Sources said Washington is lobbying European and other allies to exclude Huawei as they upgrade to 5G networks. Several nations like Japan, Australia, and others have imposed restrictions on Chinese technology, but Huawei’s budget-friendly equipment is gaining popularity in developing countries and also reportedly making inroads into Europe.

Giving Huawei even a small 5G role would allow China to expand its “surveillance state” by eavesdropping on phone and other network-based systems, Keith Krach, Under Secretary of State for Economic Growth, Energy, & the Environment.

To recap, Huawei, China’s leading global tech brand, is the biggest manufacturer of network equipment. It is a leader in 5G, along with Nokia Corp. and LM Ericsson. According to a report by the newspaper Folha de Sao Paulo this month, the US is in talks with Brazil over possible financing of 5G equipment purchases by its phone carriers.

Krach didn’t give any financial details but termed Samsung as another potential vendor of “trusted communications” equipment. Notably, the pressure on Huawei comes at a time of not-so-good US-China relations over the COVID-19 pandemic, the imposition of a security law on Hong Kong, and Beijing’s recent violent face-off with Indian soldiers.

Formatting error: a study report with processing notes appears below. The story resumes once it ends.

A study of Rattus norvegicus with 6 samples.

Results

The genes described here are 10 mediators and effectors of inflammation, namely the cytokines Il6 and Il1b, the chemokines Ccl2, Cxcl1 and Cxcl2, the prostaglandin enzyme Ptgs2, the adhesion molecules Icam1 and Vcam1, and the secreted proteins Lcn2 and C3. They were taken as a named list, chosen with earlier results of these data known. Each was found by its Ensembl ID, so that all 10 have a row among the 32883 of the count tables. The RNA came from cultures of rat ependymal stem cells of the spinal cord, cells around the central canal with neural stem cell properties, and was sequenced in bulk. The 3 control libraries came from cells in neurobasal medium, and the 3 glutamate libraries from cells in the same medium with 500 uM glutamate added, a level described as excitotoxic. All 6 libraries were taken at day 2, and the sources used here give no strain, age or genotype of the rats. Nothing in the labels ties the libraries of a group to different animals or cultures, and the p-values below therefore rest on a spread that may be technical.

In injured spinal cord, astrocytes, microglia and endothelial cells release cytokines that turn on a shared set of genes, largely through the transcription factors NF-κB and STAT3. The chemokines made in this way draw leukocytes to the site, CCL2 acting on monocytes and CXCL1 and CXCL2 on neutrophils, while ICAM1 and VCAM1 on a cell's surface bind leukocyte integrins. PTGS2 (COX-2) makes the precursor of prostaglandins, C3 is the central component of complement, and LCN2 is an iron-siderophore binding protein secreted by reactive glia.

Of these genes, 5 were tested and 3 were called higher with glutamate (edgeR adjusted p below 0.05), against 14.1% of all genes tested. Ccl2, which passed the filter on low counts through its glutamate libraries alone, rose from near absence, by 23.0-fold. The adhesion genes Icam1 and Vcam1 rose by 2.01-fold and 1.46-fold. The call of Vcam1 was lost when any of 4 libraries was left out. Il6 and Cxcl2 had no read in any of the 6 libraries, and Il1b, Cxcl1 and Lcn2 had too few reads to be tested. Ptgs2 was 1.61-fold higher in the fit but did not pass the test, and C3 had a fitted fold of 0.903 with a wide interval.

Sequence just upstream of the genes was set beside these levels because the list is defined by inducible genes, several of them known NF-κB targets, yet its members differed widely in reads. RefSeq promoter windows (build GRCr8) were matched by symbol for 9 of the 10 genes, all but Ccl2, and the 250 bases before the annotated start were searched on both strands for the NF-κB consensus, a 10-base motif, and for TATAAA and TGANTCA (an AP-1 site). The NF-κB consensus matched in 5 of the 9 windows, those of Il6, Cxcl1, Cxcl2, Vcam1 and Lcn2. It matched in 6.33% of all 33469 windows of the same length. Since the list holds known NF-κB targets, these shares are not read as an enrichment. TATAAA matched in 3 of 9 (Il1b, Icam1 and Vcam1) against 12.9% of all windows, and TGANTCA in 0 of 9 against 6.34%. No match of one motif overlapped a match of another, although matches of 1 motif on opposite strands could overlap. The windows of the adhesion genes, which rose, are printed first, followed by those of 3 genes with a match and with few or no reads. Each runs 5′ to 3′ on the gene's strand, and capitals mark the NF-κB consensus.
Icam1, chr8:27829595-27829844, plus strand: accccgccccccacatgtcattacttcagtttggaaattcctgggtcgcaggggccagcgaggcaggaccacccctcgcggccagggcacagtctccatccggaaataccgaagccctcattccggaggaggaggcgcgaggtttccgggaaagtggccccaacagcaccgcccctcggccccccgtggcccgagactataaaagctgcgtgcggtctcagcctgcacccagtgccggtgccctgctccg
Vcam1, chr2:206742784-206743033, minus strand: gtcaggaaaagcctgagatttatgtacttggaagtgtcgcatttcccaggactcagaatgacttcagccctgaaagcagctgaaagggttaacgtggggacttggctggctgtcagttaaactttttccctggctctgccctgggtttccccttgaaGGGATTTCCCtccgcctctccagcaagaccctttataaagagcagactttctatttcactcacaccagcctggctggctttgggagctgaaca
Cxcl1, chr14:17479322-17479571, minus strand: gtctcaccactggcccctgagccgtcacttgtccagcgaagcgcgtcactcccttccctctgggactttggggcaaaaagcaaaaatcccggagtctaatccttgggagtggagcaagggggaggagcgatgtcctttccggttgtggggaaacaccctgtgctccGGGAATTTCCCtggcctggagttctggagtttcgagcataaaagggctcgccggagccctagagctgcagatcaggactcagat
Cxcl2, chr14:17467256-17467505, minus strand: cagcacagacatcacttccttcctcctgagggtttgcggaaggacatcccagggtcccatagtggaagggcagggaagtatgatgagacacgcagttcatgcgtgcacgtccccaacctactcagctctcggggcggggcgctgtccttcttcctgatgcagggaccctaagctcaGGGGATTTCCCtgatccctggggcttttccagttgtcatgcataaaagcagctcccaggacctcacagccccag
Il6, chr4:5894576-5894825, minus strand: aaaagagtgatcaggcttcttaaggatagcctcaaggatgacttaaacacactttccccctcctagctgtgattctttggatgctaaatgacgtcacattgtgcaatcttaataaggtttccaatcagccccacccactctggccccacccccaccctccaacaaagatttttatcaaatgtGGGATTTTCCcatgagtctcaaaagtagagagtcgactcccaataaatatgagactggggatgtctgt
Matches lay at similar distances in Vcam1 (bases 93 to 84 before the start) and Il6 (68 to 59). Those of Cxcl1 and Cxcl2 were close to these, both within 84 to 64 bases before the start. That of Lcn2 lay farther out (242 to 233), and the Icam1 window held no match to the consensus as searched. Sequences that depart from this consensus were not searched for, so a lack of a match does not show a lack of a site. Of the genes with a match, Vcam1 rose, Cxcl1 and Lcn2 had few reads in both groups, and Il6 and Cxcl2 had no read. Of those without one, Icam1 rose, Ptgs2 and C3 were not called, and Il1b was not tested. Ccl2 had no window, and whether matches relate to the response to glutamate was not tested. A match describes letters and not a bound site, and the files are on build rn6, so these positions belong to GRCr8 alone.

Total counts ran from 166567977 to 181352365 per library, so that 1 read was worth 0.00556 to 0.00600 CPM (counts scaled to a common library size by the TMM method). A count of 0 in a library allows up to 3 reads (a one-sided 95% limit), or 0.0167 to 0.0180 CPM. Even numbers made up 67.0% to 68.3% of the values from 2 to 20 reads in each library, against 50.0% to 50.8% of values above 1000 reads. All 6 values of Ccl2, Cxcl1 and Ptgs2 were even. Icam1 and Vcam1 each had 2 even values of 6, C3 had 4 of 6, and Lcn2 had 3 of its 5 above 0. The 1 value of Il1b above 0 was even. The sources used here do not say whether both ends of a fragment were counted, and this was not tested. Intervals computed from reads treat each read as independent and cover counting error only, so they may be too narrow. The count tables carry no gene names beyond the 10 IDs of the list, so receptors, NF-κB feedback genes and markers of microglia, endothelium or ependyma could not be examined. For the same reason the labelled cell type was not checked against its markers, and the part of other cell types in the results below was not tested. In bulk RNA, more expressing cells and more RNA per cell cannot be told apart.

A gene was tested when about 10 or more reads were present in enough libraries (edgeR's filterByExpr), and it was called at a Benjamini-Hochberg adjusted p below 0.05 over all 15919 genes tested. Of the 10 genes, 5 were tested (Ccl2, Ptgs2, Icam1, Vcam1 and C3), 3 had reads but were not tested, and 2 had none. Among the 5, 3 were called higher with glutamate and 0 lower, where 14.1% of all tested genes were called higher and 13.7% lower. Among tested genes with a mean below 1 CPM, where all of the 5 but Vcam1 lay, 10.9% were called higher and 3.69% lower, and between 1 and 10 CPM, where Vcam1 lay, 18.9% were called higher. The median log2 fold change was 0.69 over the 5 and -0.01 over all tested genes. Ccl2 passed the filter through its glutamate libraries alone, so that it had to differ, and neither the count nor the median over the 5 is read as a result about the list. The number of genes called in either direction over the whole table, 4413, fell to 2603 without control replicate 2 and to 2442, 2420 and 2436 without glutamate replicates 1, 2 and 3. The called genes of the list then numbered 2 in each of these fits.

However, Huawei denies the alleged spying accusations time and again. This year, Washington imposed restrictions by barring corporate firms outside the US from using American technology to manufacture processor chips for Huawei without the prior approval of the US government.

Washington wants other countries to remove earlier generations of Huawei technology as well, Krach said. If nations are choosing their 5G systems, this is definitely the time to do a rip-and-replace transition, Krach added.